After eight months on the sidelines Justin Morneau is playing in a “B” game today


Normally a former MVP seeing game action for the first time since last July would have been big news, but the Twins have cut way back on their Morneau updates recently and gave zero warning to the media members in attendance.

Reporters on site first got the idea that he might be playing when Morneau participated in pre-game warmups and didn’t find out for sure that he was actually in the lineup until the Twins took the field for a game not broadcast on television or radio (although Kelly Thesier of MLB.com did snap that photo of his first at-bat).

Whatever the case, this qualifies as excellent news for the Twins and Morneau, who’s repeatedly stressed the positive progress he’s made recently in recovering from the concussion. He’s reportedly still not fully clear of post-concussion symptoms and the day after big workouts have given him the most trouble in the past, but given how patient the Twins have been throughout his recovery the fact that a doctor cleared him to return dramatically shifts his chances of being in the Opening Day lineup after that possibility seemed somewhat unlikely as recently as a few days ago.

UPDATE: Morneau grounded out to second base in his first at-bat. In his second at-bat he came to the plate with the bases loaded and delivered a three-run double.

Red Sox employees “livid” over team pay cut plan


Drellich reported that a Red Sox employee told him that “people are livid” over the fact that those making $100K are being treated the same way as those making $500K. And, yes, that does seem to be a pretty wide spread for similar pay cuts. One would think that a team with as many analytically-oriented people on staff could perhaps break things down a bit more granularly.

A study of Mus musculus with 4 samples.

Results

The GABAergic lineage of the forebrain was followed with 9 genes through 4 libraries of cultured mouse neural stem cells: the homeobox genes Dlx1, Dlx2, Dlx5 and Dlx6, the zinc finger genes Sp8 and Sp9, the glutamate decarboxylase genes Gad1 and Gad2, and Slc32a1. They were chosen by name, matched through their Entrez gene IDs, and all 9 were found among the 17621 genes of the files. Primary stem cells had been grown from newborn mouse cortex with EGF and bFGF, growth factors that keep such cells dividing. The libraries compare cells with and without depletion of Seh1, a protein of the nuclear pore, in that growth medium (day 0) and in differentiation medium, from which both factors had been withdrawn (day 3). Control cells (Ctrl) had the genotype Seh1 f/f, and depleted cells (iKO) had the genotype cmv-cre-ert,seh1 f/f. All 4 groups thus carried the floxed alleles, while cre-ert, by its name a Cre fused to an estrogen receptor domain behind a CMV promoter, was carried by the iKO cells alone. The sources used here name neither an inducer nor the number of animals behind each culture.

Notable in all of this that the same folks who own the Red Sox — Fenway Sports Group — own Liverpool FC of the English Premier League, and that just last month Liverpool’s pay cut/employee furlough policies proved so unpopular that they led to a backlash and a subsequent reversal by the club. That came after intense criticism from Liverpool fan groups and local politicians. Sox owner John Henry must be confident that no such backlash will happen in Boston.

As we noted yesterday, The Kansas City Royals, who are not as financially successful as the Boston Red Sox, have not furloughed employees or cut pay as a result of baseball’s shutdown in the wake of the COVID-19 pandemic. Perhaps someone in Boston could call the Royals and ask them how they managed that.